The Department of Budget and Management submitted the proposed P4.5-trillion 2021 national budget to Congress. The proposed National Expenditure Program (NEP), is 9.9 percent higher than the 2020 budget, and 21.8 percent of the country’s gross domestic product (GDP). The Department of Agriculture allocation fell by 6% to P66.4 billion while that of Social Welfare and Development Department budget has been slashed by 53% to P171.2 billion next year. A total of P113.8 billion or 66% of the total budget of the Department of Social Welfare and Development for next year has been appropriated for the implementation of the Pantawid Pamilyang Pilipino Program (4Ps).
The budget share for the Public Works and Transportation departments were increased significantly. The Department of Public Works and Highways (DPWH) gained the most by P227 billion to P667.3 billion, which is 55% higher than this year’s P438.9-billion budget. About a quarter of the DPWH’s funds would fund road projects. It is followed by the Department of Transportation with a proposed allocation of P143.6 billion. Its proposed budget went up by P61.2 billion from this year’s P84.2 billion, as it is set to fund P106.3 billion worth of rail projects.
The education cluster, consisting of the Department of Education, state universities and colleges, Commission on Higher Education, and Technical Education and Skills Development Authority, has the biggest share at P754.4 billion, which is 16% or P104.2 billion higher than this year’s P650.2-billion adjusted budget. Education is constitutionally mandated to get the lion’s share of the national budget.
The Department of Interior and Local Government will get a P246.1-billion budget, up by 4%, while the Department of National Defense’s budget jumped 16% to P209.1 billion.
The allocation for the Health department rose only by 14% to P203.1 billion despite the ongoing pandemic. The rise is due to expected hiring of more DoH personnel and procurement of a possible vaccine for CoViD-19.
The proposed national budget is expected to revive a coronavirus-hit economy expected to suffer a 2% to 3.4% decline in gross domestic product this year for the first time in two decades. Despite the gloomy economic outlook this year, the government is anticipating a 7-8% GDP growth in the next two years and the inflation at the manageable level of 2-4%.
Personnel services account for 29.2 percent or P1.32 trillion of the proposed expenditure due to hiring of additional personnel, the second tranche implementation of the Salary Standardization Law of 2019, and the increased pension requirements of military and uniformed personnel. Duterte also signed the law that increased the monthly old-age pension of living war veterans from P5,000 to P20,000.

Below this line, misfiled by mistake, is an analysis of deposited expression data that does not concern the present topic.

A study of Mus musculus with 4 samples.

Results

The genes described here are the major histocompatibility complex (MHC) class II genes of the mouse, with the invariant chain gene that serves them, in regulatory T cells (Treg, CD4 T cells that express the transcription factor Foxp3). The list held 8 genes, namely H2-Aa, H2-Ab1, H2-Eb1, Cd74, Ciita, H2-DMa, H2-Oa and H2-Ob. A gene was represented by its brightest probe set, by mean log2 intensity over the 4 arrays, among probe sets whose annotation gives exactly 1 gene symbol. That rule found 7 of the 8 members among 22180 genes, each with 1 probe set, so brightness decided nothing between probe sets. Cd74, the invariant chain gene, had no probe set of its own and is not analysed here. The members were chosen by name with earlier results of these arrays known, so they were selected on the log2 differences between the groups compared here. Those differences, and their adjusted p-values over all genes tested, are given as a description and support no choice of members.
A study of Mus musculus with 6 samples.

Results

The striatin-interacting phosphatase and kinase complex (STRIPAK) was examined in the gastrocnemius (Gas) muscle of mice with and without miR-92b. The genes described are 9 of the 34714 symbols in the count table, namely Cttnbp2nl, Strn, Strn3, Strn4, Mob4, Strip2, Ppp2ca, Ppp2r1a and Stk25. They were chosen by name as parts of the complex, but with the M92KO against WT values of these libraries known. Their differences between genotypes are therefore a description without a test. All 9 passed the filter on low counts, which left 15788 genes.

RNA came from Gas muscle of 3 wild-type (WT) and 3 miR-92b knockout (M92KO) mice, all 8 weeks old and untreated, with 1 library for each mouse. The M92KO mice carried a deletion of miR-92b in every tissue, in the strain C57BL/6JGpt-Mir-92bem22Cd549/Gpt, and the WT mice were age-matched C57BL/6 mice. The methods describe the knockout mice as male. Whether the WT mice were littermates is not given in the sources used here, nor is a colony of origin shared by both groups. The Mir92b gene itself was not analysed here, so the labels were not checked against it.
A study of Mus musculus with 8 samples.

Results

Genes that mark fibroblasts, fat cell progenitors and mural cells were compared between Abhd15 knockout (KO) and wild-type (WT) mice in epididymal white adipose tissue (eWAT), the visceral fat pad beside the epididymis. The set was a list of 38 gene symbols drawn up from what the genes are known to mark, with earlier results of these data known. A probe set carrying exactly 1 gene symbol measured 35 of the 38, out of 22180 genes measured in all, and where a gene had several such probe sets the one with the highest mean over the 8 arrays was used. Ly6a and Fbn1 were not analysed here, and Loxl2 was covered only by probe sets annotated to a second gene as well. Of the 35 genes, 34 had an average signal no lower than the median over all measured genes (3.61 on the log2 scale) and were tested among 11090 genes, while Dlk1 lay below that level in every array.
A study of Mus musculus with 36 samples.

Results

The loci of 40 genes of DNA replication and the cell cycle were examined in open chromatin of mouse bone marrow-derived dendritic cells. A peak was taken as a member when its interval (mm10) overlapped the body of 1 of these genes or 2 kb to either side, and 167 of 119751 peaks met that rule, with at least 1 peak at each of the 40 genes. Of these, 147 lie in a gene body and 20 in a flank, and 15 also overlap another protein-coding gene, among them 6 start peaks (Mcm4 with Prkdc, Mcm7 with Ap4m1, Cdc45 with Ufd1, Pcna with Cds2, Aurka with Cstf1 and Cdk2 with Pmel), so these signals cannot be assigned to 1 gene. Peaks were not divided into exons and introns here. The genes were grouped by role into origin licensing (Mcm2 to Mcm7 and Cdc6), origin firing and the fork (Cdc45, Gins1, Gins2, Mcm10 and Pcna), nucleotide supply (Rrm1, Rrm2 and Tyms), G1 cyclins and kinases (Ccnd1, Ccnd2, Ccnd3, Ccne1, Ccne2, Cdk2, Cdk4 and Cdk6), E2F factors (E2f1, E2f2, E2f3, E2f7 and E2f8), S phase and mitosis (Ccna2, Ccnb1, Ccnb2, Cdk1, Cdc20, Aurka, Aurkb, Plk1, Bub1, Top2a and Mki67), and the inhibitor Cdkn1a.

A total of P920.5 billion or 20.4 percent of the proposed budget will be spent on capital outlays. Maintenance, Operating, and Other Expenditures at P699.4 billion. P560.2 billion for debt payment. P157.5 billion for Government Owned and Controlled Corporations support. Another P14.5 billion was set aside for tax expenditures.
According to the Department of Finance (DOF), the latest estimates suggest that over half or 56.89 percent of the expenditures will be financed by tax collections. P175.4 billion of the 2021 budget will be financed by non-tax revenues, while P500 million will be from privatization efforts and grants.
The remaining 39.16 percent or P1.746 trillion, will be financed through loans. The latest data available from the Bureau of the Treasury (BTr) indicates that the government’s debt has so far ballooned to P9.054 trillion as of end-June 2020. The 2021 deficit is estimated at P1,749.6 billion (8.6 percent of GDP).
The National Economic and Development Authority (NEDA) projected the ratio of the philippine debt to economic growth to likely hit 47 percent this year, given the increased borrowing to finance efforts against the CoViD-19. Bangko Sentral ng Pilipinas (BSP) said a 50 percent debt-to-GDP ratio could still be “acceptable,” given the “manageable” position of the country.
The 2021 budget is technically the election-year budget since some infrastructure and other projects will be banned once the campaign starts in 2022. We anticipate Congress to fast track the enactment of next year’s budget to ensure that projects are finished next year and that they could brag about it come election season.